The Islamist insurgency in the country's northeast is held responsible for a stream of attacks that have killed well over 1,000 Nigerians.
Photo via Getty Images

Boko Haram, a militant Islamist group that has waged a bloody uprising in northeast Nigeria since 2010, is held responsible for a stream of attacks over the past year that have killed well over 1,000 Nigerians. This spate of violence followed President Goodluck Jonathan’s declaration of a state of emergency last May in the states of Borno, Yobe, and Adamawa, and his initiation of a campaign to recover ground that had been lost to the insurgency. However, the militants are the ones that appear on the offensive.


In the past week alone, Boko Haram is said to be accountable for an assault in Bama that killed at least 60 people and destroyed public buildings; the slaughter of 59 sleeping students in Buni Yadi; and coordinated attacks in Adamawa that left at least 37 people dead. On Friday, officials announced that Nigerian troops had raided a Boko Haram camp, arresting 15 and killing 13 suspected terrorists.

Boko Haram — which translates to “Western education is forbidden” — primarily targets civilians through bombings, shootings, machete attacks, and abductions. The group has even razed an entire village.

Friday’s raid notwithstanding, the steady violence has left terrified Nigerians wondering what the hell the government is going to do about it.

“The government is not serious about fighting them,” Olukayode Thomas, a journalist for the Nigerian paper City Voice in Lagos, told VICE News. “They killed about 100 kids in the last few days, and Nigeria is going about celebrating its 100 years of existence.”

Perhaps even more troubling than the level of brutality involved in Boko Haram’s actions is how little control Nigeria has over the situation. Suspected Boko Haram members killed some 300 people in February.

In an interview published Saturday, the Shehu of Bama (a traditional leader) told the Nigerian Premium Times, “The government has failed; it is not protecting anything, and I have no reservation in saying this. It is [the] constitutional responsibility of government to protect lives, but here lives are not protected at all.”


The violence has only escalated following the state-of-emergency declaration. Nearly 300,000 Nigerians have been displaced since then. Perplexingly, earlier this year the Nigerian government actually cut its defense budget.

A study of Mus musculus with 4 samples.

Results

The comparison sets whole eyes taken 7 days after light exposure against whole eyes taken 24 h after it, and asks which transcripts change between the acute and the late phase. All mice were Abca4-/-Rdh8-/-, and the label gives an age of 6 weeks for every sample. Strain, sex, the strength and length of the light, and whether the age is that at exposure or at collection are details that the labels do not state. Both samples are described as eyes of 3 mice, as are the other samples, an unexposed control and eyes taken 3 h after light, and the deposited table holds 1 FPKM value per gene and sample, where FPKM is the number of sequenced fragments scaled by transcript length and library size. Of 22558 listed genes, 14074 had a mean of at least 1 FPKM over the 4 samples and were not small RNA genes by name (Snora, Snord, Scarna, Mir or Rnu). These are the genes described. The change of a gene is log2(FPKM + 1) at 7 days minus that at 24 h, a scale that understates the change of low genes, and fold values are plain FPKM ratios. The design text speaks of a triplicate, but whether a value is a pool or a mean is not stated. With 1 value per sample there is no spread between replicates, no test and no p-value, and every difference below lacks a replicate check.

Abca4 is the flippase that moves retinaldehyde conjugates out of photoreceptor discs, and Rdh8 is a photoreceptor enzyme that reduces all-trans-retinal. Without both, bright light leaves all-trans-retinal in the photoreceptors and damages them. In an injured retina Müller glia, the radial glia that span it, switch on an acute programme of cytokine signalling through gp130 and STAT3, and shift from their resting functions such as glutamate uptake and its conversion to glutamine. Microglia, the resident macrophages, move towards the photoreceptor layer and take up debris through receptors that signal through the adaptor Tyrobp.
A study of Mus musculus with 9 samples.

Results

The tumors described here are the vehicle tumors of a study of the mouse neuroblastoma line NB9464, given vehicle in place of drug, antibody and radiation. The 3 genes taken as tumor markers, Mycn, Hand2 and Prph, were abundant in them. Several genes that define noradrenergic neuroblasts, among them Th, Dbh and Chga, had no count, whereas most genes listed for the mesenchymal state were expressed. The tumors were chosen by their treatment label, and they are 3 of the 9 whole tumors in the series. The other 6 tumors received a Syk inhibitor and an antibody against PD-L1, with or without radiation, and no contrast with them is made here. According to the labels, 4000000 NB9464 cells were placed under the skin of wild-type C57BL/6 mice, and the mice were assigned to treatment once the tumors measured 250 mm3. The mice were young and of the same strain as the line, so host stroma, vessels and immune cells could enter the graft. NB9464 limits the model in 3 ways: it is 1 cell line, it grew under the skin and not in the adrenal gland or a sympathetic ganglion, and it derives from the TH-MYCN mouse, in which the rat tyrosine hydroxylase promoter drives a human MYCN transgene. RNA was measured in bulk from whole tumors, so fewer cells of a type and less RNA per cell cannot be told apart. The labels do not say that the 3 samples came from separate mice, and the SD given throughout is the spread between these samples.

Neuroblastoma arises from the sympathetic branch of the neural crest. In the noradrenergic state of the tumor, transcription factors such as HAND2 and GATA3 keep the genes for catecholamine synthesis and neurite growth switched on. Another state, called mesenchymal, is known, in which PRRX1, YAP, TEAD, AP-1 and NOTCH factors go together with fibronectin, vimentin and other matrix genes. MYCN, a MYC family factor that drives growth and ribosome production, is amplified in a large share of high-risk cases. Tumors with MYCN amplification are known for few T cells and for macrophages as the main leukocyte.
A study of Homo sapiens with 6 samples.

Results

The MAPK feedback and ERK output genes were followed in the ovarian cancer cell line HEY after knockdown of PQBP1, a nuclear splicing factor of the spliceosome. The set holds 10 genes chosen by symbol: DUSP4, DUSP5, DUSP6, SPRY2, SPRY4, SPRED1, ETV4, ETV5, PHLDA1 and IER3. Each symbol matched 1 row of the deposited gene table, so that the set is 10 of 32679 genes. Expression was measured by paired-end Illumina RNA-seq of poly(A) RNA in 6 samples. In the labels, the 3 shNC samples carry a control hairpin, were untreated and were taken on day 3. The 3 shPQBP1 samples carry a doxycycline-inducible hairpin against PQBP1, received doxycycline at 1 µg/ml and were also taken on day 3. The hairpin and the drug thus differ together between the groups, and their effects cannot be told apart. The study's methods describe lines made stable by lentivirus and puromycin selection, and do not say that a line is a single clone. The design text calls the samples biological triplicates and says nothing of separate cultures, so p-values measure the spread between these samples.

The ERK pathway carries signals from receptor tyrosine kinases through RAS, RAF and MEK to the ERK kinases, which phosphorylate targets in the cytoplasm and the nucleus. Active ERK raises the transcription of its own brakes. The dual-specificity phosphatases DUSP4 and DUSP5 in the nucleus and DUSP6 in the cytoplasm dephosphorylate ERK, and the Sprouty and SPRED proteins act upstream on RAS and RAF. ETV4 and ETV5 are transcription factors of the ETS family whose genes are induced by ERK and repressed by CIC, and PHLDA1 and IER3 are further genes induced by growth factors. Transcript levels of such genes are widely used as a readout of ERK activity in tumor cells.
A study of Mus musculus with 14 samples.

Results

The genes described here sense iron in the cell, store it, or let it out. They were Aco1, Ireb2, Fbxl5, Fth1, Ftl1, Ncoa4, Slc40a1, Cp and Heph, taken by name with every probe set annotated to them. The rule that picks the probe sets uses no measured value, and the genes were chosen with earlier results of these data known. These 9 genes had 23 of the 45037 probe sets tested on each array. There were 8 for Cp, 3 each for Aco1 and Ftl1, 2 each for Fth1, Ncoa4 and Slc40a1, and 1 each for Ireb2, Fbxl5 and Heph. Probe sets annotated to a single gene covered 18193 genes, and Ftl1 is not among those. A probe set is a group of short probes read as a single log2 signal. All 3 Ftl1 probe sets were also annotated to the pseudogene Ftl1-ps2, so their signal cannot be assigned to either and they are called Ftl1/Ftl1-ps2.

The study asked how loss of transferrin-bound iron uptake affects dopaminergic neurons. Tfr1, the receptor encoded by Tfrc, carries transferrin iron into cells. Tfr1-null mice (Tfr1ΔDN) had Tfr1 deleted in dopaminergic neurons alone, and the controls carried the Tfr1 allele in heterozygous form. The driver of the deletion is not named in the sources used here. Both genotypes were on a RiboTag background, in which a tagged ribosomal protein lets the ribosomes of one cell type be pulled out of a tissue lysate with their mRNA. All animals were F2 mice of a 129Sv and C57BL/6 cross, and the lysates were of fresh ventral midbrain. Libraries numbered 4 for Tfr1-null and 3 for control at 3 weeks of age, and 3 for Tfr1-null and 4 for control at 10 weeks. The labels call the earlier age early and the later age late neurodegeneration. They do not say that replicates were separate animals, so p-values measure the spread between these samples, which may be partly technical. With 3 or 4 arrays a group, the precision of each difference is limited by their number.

The killing on Tuesday of the students in Buni Yadi “was carried out at a federal, secular school in the north — in other words the most obvious target in the world,” John Campbell, a senior fellow for African policy at the Council on Foreign Relations, told VICE News. “And the Nigerian military was nowhere to be found.”

Boko Haram is far from an organized entity with a clearly identifiable mission. Although its stated aim is to create a separate Islamic state in Northern Nigeria, and it purportedly has ties to Al Qaeda, Boko Haram is a largely disparate movement loosely based on fundamentalist principles that many of its own members don't even follow. Members are said to be violently opposed to anything they see as Western — democracy, education, and Christianity, for example, or even the wearing of shirts and pants.

Campbell explained that the Salafist-jihadi group, which was founded in 2002 by the radical cleric Mohammed Yusuf, has since splintered into at least six separate factions. For this reason it cannot be neatly characterized as a cohesive terrorist organization that follows a unified doctrine.

“The biggest reason we have Boko Haram is because of politics, not religion,” said Thomas. “In the last few months, it has been Muslim killing Muslim and innocent kids.”


In an item written for the Council on Foreign Relations, African-affairs analyst Jacob Zenn noted that Boko Haram draws many of its members from religiously uneducated young men from impoverished and marginalized communities of Nigeria. These youths are prime recruits for insurgent groups and are being conscripted by the tens of thousands throughout the country.

“Many ‘Boko Haram’ members are not actually members of Jama’atu Ahlis Sunna Lidda’awati Wal-Jihad” — which means “people committed to the propagation of the prophet's teachings and jihad” — “the real name of ‘Boko Haram’ in Borno,” Zenn wrote.

Boko Haram’s radicalization stems from tensions between Christians and Muslims in Nigeria, as well as repressive brutality on the part of a corrupt police force. It is also in part a legacy of British colonial rule, during which the north was chronically underdeveloped and isolated from the economically dynamic and better-educated south.

“The issues that Boko Haram are combating are Nigeria-specific,” says Campbell. “At its core, it is a highly diffuse, grassroots insurgency aimed against the Nigerian political economy and whose own leader even has little authority over most of its elements.”

This helps to explain why fighting Boko Haram is so hard — in order to combat the violence that is wracking Nigeria, its government must first define the target. How it will do so and where this will lead is anyone’s guess.